PERSONAL: MEDICAL USE

In 1996, the State of California became the first state in the nation to legalize medical cannabis when voters passed Prop 215 or The Compassionate Use Act. That distinction is now shared with 31 other states. Under the Compassionate Use Act, qualified patients and their caregivers are allowed to cultivate cannabis for personal use, subject to local laws.

PERSONAL: NON-MEDICAL (RECREATIONAL) USE

On November 8, 2016, California voters passed Prop 64 or the Adult Use of Marijuana Act (AUMA) , allowing adults 21 years or older to legally grow , possess and use cannabis a for non-medical purposes.  California is currently one of only seven states where recreational cannabis is legal.  Under Prop. 64, residents can grow up to 6 plants in their household, subject to the approval and/or conditions set by their local jurisdiction.

The City of Sacramento allows residential cultivation of up to six plants, indoors only - whether for medical or recreational purpose, subject to conditions set under Title 8 of the City Code.  Violations of the 6-plant rule is subject to a fine of $500/plant in excess of the limit .

Below are answers to some of the common questions surrounding Prop 64:

  • You have to be 21 or older to legally use non-medical marijuana. Minors who violate the law will be required to complete 4 hours of drug-education program or counseling, and up to 10 hours of community service.
  • You cannot smoke in public. Smoking cannabis in public carries a fine of up to $100, and up to $250 where tobacco smoking is prohibited, or within 1,000 feet of a school, daycare center or youth center where children are present.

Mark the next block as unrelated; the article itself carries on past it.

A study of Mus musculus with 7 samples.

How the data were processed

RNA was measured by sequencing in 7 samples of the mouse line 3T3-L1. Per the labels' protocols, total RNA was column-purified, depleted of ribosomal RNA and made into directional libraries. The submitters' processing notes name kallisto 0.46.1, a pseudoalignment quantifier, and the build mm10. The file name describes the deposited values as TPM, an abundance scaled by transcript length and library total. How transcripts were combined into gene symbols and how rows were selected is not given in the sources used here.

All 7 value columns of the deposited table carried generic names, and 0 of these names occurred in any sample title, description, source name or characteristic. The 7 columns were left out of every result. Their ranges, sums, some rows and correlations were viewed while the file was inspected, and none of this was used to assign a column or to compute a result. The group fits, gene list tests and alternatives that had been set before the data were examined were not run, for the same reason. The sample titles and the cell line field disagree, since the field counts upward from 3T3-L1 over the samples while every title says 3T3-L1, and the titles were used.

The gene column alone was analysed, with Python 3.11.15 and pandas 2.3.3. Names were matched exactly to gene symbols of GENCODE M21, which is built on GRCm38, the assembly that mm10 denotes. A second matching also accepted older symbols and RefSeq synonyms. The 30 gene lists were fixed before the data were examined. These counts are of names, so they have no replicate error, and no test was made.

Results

• The amount you can possess on your person is limited to 28.5 grams or 1 ounce. Note that possession and smoking and other forms of ingestion may be prohibited altogether in certain government-owned facilities.
  • You are allowed to grow up to 6 cannabis plants for personal use, subject to conditions specified under the City of Sacramento’s Health and Safety Code, Title 8, pertaining to the cultivation of cannabis.
  • Edible cannabis products can only contain 10 milligrams of THC (the psychoactive agent ingredient of marijuana), and needs to be contained in a childproof packaging and properly labeled.
  • Driving and smoking or consuming cannabis is considered driving impaired and subject to penalties under California’s DUI laws. Specific protocols for determining if a driver is impaired by cannabis are still being considered in the California Legislature.
  • You cannot take cannabis across state lines. Federal regulations specifies, even in the states with legal cannabis , that products have to be grown and consumed in that state only.